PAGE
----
Butterfly, bat and bird populations will be fragmented and wildlife sites destroyed if the proposed high speed rail route from London to Birmingham goes ahead.
The warning comes from The Wildlife Trusts, which has four reserves, 10 Sites of Special Scientific Interest (SSSIs), more than 50 ancient woodlands and numerous local wildlife sites currently lying in the path of the proposed route.
In Birmingham the route is expected to impact heavily on the trust’s Park Hall nature reserve; an area of remnant farmland and estate grounds on the eastern edge of the city which supports a diverse range of habitats, including three ancient woodlands, grassland, wetland and a stretch of the River Tame.
Neil Wyatt, from the Birmingham and Black Country Wildlife Trust, said: “If the proposed route goes ahead it will have quite a devastating effect on Park Hall.
“More than 600 metres of viaduct will split the reserve in two, create cuttings through ancient woodlands, realign 1,600m of the River Tame and remove access to the reserve.
“Park Hall woodland is some of the best woodland in Birmingham, it cannot be replaced. It has everything from orchids to rare insects. Then there is the noise and the speed of the train.
"Where the train is going at 200mph there will be a great band either side of the track where trees are not allowed. We have no idea what the full impact of that will be or how much of each side will be devastated by it.”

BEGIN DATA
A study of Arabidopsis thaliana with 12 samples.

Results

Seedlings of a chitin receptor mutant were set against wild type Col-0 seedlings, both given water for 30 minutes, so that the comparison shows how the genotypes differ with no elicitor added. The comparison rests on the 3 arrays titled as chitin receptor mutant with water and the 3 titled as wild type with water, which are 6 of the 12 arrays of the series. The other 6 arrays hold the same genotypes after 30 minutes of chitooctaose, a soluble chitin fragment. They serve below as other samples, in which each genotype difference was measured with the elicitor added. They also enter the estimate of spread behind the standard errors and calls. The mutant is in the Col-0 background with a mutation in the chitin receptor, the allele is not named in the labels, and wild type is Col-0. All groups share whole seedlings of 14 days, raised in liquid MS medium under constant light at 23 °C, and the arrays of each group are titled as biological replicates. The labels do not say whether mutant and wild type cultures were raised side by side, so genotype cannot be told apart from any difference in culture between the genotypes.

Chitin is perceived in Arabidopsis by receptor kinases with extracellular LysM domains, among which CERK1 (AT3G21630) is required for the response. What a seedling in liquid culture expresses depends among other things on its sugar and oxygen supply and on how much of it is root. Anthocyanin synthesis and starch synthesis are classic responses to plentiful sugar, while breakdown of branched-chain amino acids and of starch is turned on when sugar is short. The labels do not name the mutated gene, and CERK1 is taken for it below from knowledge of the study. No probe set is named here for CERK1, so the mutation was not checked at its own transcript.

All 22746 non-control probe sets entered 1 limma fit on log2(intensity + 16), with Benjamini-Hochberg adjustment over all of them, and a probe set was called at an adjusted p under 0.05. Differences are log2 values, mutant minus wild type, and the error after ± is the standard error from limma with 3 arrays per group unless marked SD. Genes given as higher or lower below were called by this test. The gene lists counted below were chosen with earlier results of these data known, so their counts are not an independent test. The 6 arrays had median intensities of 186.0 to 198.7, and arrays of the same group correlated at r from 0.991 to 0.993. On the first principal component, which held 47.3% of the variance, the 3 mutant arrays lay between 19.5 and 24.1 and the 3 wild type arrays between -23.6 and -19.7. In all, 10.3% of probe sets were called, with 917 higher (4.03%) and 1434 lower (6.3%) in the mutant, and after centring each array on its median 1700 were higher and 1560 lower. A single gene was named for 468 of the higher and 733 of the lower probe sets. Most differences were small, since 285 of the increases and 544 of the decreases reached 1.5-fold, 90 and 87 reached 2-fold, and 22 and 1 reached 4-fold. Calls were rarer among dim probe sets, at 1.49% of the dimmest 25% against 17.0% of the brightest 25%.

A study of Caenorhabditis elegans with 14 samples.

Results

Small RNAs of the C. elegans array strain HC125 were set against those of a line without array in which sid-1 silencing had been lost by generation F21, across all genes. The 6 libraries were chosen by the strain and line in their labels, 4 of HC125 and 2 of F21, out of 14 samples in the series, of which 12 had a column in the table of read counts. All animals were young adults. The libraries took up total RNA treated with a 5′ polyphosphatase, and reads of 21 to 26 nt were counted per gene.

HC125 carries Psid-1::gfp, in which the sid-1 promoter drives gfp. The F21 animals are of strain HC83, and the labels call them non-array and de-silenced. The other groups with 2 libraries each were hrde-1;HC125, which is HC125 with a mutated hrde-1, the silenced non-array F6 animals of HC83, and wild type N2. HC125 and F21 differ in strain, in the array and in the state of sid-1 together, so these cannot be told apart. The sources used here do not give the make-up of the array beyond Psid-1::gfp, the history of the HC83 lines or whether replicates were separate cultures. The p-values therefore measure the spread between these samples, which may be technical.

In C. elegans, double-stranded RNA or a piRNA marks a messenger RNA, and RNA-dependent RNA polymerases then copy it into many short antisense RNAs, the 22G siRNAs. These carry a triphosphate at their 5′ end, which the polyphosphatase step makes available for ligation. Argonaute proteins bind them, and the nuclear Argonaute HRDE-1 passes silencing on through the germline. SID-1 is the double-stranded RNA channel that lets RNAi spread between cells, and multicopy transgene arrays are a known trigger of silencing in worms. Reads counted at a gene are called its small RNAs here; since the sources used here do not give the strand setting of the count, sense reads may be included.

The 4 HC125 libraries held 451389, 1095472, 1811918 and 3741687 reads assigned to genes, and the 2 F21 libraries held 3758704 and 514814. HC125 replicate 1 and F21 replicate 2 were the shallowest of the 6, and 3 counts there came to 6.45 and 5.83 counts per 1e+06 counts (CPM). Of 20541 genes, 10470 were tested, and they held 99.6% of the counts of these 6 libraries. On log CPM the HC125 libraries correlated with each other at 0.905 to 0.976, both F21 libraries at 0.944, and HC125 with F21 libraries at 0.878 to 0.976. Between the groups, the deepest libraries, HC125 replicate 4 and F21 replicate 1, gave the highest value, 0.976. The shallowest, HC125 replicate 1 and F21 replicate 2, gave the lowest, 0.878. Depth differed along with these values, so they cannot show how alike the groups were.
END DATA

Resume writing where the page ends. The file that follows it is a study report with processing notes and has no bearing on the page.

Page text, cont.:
Mr Wyatt added: “The ideal thing for us would be if the route went another way, it is very difficult to minimise the impact unless the route was changed entirely.
“We can appreciate the benefits this will bring to Birmingham and can see why people are welcoming it but we are concerned the environmental impact hasn’t been looked at properly and we can see the devastation this will cause to wildlife, not just in Birmingham but other places too.”
In Staffordshire, the Wildlife Trusts wants to add to its environmental evidence against the rail plan and is appealing for people who own woodland along the route to contact the trust so it can carry out ecological surveys before the public consultation closes on July 27.
Wildlife sites coordinator David Cadman said: “No information about the wildlife living in these woodlands has been collected since the 1970s.
“We believe there are a number of sites along the proposed line that are of nature conservation importance and we want to do everything we can to protect them.”
Several of the sites along the route are ancient woodlands, which date back to before the 1600s, and in many cases much longer. Under the current proposals, four ancient woodlands will be destroyed, with numerous others that are close to the route adversely affected.
Mr Cadman added: “These ancient woodlands are what you would picture as classic British woodland – old oak trees and carpets of bluebells and woodland wildflowers.
"Ancient woodlands are also home to a variety of mammals, birds and insects and protected species such as bats.”
* Owners of woodlands along the HS2 route can contact David Cadman on 01889 880118 for further information.